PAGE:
Microbiological monitoring of clean areas in healthcare establishments : trend analysis according to USP <1116>
6 October 2017C. Nassar 1, A. Venet1, S. Crauste-Manciet1,2 1 Pharmaceutical Technology Department - University Hospital of Bordeaux (CHU de Bordeaux)
2 ARNA Laboratory, team ChemBioPharm, U1212 INSERM - UMR 5320 CNRS - Bordeaux University
The control of the environment within pharmacys of healthcare establishments ensuring the production of sterile medicines is essential to guarantee the maintenance of the aseptic process.
It goes through environmental microbiological controls. In France, the Good Practices of Preparation (BPP) are opposable: in clean areas of class A, the number of CFU must be less than 1.
The USP <1116> presents a new perspective, based on a rate of incidents: the analysis must consider the frequency at which the contamination is detected rather than the absolute number of CFUs detected in a sample. Implementation of the regulations was carried out at two sites in our hospital.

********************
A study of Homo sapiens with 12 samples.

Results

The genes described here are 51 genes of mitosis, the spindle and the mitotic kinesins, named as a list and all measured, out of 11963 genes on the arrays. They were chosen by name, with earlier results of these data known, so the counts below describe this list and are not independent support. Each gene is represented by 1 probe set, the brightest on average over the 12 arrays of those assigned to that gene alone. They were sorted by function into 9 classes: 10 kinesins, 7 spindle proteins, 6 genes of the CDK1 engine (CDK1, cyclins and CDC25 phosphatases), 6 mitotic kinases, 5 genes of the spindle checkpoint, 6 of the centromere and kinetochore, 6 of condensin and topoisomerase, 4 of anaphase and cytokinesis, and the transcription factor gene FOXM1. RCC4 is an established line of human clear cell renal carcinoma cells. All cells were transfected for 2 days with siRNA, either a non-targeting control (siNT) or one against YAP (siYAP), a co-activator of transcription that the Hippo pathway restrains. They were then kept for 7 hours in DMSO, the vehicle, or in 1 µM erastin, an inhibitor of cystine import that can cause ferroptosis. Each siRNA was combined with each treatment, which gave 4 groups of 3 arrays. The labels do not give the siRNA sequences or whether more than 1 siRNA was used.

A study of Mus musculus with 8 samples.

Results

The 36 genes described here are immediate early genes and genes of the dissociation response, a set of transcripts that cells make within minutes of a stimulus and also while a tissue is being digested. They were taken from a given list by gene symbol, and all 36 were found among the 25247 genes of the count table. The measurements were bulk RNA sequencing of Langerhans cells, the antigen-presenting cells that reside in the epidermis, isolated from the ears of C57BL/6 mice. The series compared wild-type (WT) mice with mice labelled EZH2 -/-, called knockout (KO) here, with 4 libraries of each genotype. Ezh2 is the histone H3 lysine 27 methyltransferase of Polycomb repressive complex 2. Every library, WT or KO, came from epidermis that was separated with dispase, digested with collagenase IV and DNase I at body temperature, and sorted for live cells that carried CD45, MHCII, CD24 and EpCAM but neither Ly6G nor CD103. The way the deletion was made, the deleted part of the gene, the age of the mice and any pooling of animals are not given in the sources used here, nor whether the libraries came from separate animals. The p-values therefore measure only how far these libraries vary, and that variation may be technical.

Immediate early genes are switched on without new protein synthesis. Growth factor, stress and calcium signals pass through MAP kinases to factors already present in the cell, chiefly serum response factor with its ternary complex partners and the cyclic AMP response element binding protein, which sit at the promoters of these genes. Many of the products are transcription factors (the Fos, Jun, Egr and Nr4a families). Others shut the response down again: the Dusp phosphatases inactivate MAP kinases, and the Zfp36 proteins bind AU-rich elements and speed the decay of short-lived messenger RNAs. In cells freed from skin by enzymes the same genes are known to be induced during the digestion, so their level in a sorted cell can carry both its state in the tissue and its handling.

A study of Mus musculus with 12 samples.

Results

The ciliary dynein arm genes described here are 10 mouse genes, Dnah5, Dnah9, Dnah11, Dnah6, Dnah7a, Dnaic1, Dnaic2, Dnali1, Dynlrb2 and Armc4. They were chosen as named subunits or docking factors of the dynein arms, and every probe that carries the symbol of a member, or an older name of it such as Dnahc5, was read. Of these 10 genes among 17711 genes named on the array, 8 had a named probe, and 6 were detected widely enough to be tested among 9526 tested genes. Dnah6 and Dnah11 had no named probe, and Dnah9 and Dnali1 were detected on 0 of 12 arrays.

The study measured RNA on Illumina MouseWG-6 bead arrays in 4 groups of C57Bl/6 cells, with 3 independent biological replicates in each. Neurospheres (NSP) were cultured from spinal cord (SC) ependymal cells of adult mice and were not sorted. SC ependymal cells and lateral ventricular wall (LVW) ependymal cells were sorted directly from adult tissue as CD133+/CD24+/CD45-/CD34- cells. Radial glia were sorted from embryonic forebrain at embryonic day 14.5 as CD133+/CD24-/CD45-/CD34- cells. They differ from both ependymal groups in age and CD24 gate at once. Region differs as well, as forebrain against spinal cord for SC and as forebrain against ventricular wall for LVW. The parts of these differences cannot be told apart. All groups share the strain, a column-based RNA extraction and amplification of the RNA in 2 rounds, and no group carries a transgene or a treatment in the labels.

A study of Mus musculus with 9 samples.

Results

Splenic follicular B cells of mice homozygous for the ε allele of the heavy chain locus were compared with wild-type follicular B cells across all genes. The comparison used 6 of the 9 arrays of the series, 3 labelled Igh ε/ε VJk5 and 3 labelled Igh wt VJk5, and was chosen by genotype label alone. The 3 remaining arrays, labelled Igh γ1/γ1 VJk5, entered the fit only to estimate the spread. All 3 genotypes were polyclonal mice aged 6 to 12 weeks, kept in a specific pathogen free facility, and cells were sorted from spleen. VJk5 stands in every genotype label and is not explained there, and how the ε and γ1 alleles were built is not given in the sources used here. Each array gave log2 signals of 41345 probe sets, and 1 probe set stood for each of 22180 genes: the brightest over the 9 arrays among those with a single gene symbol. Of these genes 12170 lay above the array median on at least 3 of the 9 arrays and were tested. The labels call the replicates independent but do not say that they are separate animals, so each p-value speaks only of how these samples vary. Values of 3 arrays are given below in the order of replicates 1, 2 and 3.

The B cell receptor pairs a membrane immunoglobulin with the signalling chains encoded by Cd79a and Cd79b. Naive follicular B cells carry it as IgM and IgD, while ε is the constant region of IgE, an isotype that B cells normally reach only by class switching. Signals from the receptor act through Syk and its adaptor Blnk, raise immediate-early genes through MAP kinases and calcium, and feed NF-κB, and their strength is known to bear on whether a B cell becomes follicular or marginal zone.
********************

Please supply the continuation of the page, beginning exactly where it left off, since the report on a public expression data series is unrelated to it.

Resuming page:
The recommendations of the PIC / S guidelines have been implemented and a daily microbiological monitoring in class A has been instituted.
The results of the samples taken during five months were analyzed according to the French Good Practices and according to the recommendations of USP <1116>.
For site 1, equipped with three isolators, 8 out of 1,232 samples show microbiological growth. _ For site 2, equipped with 2 laminar flow cabinets, 8 out of 468 samples are positive. The majority of the values obtained being equal to zero, it is difficult to carry out a trend analysis without any calculation method. The Most Probable Number is applied. It shows that the rate of contamination per enclosure is less than 0.1% in class A, in accordance with USP <1116>.
The results of the five-month sampling showed that the working conditions were in line with the regulations. The establishment of a daily environmental monitoring allows the very early detection of microbial contamination. Trend analysis allows to follow and anticipate an anomaly, whether technical, human or material.